Strengthening the Pipeline of Women in Management
Here at the Pearl Initiative, we are just embarking on a major Programme stream that will inform business leaders on practical methods to retain and develop women into senior positions in the GCC region, and thereby create a larger pool of Board-ready women. The business case for greater levels of senior management and board diversity is clearly linked to its positive impact on strategic decision making, better governance, maximum use of talent and closer understanding of target markets.
The first phase of our Programme consists of an extensive research survey, a published insight report and a high-profile Forum event, planned for October 2014. The Forum will launch the report and hold a dialogue for business leaders on the issues raised, the analysis conclusions and the sharing and development of good corporate practices.
The Programme is in collaboration with the United Nations Global Compact and the Sharjah Business Women Council (SBWC), allowing us to tap into global best practices and ensure that our work is fundamentally regionally-driven and relevant.
There have been several studies on the correlation between mixed-gender boards and company performance, and many find positive results. A study of Fortune 500 companies by Catalyst found that companies with the highest proportion of female board directors outperformed those with the least by 66 per cent. Credit Suisse Research Institute found that over the past six years, companies with at least one woman on the board outperformed stocks of companies with no women in those positions by 26 per cent.
Last year, the Pearl Initiative interviewed representatives from more than 100 family-owned firms in the GCC and found that 32 per cent had mixed-gender boards. This contrasts with women holding only 1.5 per cent of board positions in listed companies across the GCC. This tells us that strengthening the pipeline of talent through to senior management levels in organisations is the critical issue.
PricewaterhouseCoopers made a fascinating analogy in its global 2008 report “The Leaking Pipeline: Where are our Female Leaders?” I quote:
“Imagine you are the leader of a community with strong resources, including a critical water supply. The water supply is extremely precious to your community activities and outputs, and, because it is a limited commodity, you pay a premium to access it. It provides fertile land, great distribution channels and grows fantastic products. Your community is viewed as a leader in its ability to create a sustainable strong environment, which in itself attracts more people to live there. Your monitoring systems alert you that your precious water pipeline has a leak, and, as you investigate, it turns out that you have had a very substantial pipeline leak for a very long time, which results in a great deal of your water disappearing to other communities through which your pipeline passes. In fact, you have lost a great deal of water. This costs your community enormous amounts of money in wasted resource, loss of productivity, and loss of nurturing of your community’s physical infrastructure.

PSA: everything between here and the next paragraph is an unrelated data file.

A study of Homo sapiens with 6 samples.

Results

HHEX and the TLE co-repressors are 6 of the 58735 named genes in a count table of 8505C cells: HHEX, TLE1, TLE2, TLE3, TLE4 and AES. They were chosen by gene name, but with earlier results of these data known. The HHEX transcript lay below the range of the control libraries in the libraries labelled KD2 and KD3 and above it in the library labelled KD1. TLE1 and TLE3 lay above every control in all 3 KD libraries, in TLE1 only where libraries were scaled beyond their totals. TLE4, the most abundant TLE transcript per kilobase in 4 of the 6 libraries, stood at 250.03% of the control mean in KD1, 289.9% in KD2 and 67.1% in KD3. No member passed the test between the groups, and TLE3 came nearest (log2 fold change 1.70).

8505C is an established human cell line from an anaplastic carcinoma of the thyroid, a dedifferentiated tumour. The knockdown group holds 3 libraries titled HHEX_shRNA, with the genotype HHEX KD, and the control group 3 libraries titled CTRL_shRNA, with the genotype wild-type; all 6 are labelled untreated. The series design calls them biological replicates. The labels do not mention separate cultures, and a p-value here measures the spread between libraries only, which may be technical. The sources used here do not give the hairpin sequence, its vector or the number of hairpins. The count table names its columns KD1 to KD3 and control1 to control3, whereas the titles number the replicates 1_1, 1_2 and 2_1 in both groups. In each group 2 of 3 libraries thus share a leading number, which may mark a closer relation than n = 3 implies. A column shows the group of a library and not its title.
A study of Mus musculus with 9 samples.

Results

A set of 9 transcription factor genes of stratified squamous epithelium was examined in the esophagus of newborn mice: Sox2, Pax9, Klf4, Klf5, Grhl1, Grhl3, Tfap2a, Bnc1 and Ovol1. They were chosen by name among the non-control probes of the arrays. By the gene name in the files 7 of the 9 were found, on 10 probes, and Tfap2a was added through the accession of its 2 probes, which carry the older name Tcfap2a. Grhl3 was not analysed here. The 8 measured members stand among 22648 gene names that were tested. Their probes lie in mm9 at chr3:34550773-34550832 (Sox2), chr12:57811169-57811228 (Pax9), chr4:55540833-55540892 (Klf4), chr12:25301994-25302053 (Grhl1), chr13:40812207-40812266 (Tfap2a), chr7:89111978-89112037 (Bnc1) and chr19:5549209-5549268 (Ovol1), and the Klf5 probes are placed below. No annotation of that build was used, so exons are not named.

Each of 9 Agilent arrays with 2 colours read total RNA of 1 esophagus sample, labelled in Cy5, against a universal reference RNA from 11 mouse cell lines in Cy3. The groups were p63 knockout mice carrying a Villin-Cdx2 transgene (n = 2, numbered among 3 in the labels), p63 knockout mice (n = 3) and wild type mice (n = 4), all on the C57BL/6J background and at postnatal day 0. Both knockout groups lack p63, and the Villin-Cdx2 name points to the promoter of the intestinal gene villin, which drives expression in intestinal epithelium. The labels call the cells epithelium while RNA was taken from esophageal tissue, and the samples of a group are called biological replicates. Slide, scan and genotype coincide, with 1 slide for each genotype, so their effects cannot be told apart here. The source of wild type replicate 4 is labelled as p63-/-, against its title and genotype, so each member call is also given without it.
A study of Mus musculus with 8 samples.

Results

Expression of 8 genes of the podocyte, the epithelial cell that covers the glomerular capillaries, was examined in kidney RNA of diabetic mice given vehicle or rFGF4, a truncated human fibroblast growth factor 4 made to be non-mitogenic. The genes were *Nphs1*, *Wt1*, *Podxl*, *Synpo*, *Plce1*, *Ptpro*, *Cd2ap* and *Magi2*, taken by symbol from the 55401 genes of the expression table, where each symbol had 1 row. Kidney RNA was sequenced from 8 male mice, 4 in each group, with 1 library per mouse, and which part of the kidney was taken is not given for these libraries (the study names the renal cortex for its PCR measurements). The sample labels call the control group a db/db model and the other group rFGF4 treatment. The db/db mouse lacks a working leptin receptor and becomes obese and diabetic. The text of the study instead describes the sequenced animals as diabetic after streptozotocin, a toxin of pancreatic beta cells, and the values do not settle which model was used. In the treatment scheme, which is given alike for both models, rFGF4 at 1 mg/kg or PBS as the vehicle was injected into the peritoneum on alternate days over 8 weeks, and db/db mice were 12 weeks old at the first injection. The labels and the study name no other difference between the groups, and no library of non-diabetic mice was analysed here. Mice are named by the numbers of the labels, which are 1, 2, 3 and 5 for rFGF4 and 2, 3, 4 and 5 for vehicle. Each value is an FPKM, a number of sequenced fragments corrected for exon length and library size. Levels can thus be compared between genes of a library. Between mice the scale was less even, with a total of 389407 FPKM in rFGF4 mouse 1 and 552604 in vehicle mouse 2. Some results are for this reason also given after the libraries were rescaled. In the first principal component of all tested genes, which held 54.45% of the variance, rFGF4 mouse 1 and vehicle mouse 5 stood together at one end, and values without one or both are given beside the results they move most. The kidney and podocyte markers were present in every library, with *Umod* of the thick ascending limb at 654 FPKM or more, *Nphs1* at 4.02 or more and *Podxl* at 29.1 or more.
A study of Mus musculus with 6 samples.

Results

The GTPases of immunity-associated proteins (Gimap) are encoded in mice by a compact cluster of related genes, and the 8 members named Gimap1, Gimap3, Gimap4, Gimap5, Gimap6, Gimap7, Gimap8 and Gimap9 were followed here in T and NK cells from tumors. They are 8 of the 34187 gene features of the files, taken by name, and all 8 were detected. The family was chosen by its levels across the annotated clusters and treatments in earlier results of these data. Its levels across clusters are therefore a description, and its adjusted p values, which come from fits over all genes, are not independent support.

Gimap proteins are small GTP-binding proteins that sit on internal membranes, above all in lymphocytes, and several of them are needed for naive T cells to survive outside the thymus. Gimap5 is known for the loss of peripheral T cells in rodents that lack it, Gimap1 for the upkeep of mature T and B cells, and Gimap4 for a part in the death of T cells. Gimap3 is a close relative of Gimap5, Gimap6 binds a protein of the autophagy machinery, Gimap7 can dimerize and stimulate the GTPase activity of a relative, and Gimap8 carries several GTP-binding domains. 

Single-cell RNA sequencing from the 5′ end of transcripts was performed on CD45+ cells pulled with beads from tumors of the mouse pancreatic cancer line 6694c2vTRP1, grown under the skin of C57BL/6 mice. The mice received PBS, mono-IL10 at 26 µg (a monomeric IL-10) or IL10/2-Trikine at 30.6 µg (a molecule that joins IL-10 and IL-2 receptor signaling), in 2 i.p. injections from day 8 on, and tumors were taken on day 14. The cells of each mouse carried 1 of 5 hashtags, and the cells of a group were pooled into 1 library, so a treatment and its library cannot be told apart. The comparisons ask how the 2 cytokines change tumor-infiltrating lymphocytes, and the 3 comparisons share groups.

What would you do?
- Would you honestly expect the leak to fix itself?
- Would you make the effort involved in fixing the leak as a priority?
This water pipeline analogy clearly reflects the situation in which many organisations find themselves with regard to a continuing loss of female talent.
The Pearl Initiative Programme on Women in Management is focusing on strengthening this leaking pipeline of talent in the Gulf Region – to shed light on the perspectives, experiences and outlook of women in senior management positions, and the issues, trends and good practices when it comes to women’s career development in organisations across the GCC. It will also provide value to organisations in the region, through insight on the experiences of current and potential women leaders, thereby enabling them to benchmark themselves and develop approaches to increase the number of women in senior leadership and board-ready positions.
No such work has previously been carried out and published in the Gulf region, and this research programme is of particular relevance and interest in the light of several Gulf governments’ efforts to increase the level of participation of women in the workforce, in senior positions, and on boards of directors.
Watch this space through 2014, as we develop regional insight on this topic and use it to drive dialogue and progress on this important corporate governance issue in the region!